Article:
Berrissimo frozen yogurt opened recently on Brunswick St next to Babka. At the time it was the only shop of its kind in the immediate vicinity and added something new to Brunswick St. However, just across the road, in the location of the former Cruzao, a direct competitor called Frolic will soon open.

We’ve seen similar competition lead to the failure of a competitor in the past. Trampoline icecream opened on Brunswick St in 2004 and was followed by Timis gelato some time later. The latter closed in 2011 while Trampoline continues.

How much frozen yogurt does one street need? How much demand is there for this product heading into winter? How can two such businesses survive? I doubt they can. I predict one of these won’t last.

berrissimo how much frozen yogurt does Brunswick St need? frolic how much frozen yogurt does Brunswick St need?

how much frozen yogurt does Brunswick St need?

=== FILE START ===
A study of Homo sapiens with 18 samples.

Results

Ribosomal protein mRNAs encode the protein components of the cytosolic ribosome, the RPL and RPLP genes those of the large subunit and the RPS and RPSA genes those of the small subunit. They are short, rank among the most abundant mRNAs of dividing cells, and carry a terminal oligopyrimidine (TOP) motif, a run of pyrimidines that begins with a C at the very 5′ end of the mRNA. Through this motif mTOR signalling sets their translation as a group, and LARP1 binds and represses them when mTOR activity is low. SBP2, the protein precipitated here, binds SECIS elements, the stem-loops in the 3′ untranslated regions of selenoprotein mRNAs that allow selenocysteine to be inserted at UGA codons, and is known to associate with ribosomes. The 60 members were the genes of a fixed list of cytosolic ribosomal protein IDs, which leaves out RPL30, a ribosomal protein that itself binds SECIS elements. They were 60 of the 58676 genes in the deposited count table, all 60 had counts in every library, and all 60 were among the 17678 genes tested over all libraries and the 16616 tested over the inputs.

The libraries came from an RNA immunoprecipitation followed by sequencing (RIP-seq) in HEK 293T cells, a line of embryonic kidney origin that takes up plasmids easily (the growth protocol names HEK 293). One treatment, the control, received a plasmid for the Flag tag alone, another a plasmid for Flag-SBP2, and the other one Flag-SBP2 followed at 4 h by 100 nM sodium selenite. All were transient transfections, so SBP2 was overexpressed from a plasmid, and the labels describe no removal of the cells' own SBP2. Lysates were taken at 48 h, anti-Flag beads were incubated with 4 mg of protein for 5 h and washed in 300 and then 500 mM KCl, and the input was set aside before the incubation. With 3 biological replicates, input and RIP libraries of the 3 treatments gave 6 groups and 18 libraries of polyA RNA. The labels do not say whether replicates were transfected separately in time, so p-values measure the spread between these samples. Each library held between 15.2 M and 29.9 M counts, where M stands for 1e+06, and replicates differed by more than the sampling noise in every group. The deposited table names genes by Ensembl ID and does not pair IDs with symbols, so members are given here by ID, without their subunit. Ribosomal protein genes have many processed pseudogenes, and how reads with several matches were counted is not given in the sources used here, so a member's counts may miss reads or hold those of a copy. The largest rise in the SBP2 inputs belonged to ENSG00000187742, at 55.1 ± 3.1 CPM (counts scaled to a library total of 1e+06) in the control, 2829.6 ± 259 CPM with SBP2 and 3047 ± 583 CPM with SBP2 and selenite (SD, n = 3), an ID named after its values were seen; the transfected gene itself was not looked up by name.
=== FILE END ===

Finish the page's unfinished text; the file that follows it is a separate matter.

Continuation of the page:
5 thoughts on “how much frozen yogurt does Brunswick St need?

  • 15 April 2013 at 10:35 am



    The answer is obviously none. If only the business owners of would have asked themselves this before spending serious $$ on a retro industrial fitout for the ill fated NoodleBox located next door to Gorski and Jones on Smith Street. The place opened in December 2012, and unsurprisingly, after remaining empty almost every time we walked past, closed its doors in early March. Surely this type of business would have been better located in a suburban shopping centre.

    You really have to wonder about business plans for some of these ventures, and (in the case of Noodlebox at least) the role franchisers play in supporting/encouraging these bad decisions.